Jeff Lynne credits the crowd at London's Wembley Stadium for ELO's latest single, "Time Of Our Life." The video, the first from the new From Out Of Nowhere album, contains clips shot during ELO's historic sold out gig at the hallowed venue on June 24th, 2017.

Lynne spoke to Billboard and shed light on the now historic show, recalling, "The reason it got to me in such a big way was because we made a big film of this whole show called Wembley Or Bust with millions of cameras. And I think the way they captured the audience, it was these little vignettes. You can see what's going on. They zoom into certain people in the audience who were having the best time of their life -- kissing and looking at each other when different songs come on. This happened so many times in the film that I really got to play the show over and over just by looking at the way they shot the audience. I thought it was the nicest atmosphere I've seen."

Lynne touched upon why he chooses to play all the instruments and sing all the parts on the recent ELO albums: "To be honest, I love to play all those instruments. My favorite thing is when I'm overdubbing instruments onto a track and I love to play them. So that's why I choose to do them. I could easily get anybody to play them, probably, but I come up with the ideas and I like to play them and I've got all the gear, all the keyboards, all the guitars and the drums, the bass. As a player, it's just so much fun to do that. I'd rather do that than anything else. . . I just love making music so it's what I love to do best of all. So I'll just keep at it and try and come up with the best one ever one of these days."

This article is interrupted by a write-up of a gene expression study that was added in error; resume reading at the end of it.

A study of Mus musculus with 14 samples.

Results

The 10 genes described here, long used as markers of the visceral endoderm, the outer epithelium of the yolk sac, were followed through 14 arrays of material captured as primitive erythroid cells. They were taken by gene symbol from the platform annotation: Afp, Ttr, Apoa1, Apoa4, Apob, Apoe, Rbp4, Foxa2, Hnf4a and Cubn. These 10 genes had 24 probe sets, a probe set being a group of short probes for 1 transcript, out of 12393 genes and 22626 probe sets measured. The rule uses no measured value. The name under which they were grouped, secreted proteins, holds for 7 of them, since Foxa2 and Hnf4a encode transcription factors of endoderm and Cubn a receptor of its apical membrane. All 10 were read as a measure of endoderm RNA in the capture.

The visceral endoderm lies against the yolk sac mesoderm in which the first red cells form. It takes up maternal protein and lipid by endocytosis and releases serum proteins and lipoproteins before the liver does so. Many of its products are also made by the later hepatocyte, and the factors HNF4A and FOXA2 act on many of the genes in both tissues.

Jeff Lynne's latest ELO single, "Time Of Our Life," features a music reference to the band's Top Ten hit "Telephone Line" from its 1976 A New World Record album. Lynne explained how he get the song's intro to perfectly ape the sound of a heartbroken lover trying to connect with his ex-lover in America: "When I recorded 'Telephone Line,' It was -- I actually phoned America. We were in England when we recorded that one. And we phoned America just to hear what (the tone) was. We didn't want to get nicked for stealing their ringtone -- but y'never know. We copied the sound of the ringtone on the Moog synthesizer; which -- it's a tone harmony. It''s like an A and a B (note) together, and that's how we got that sound."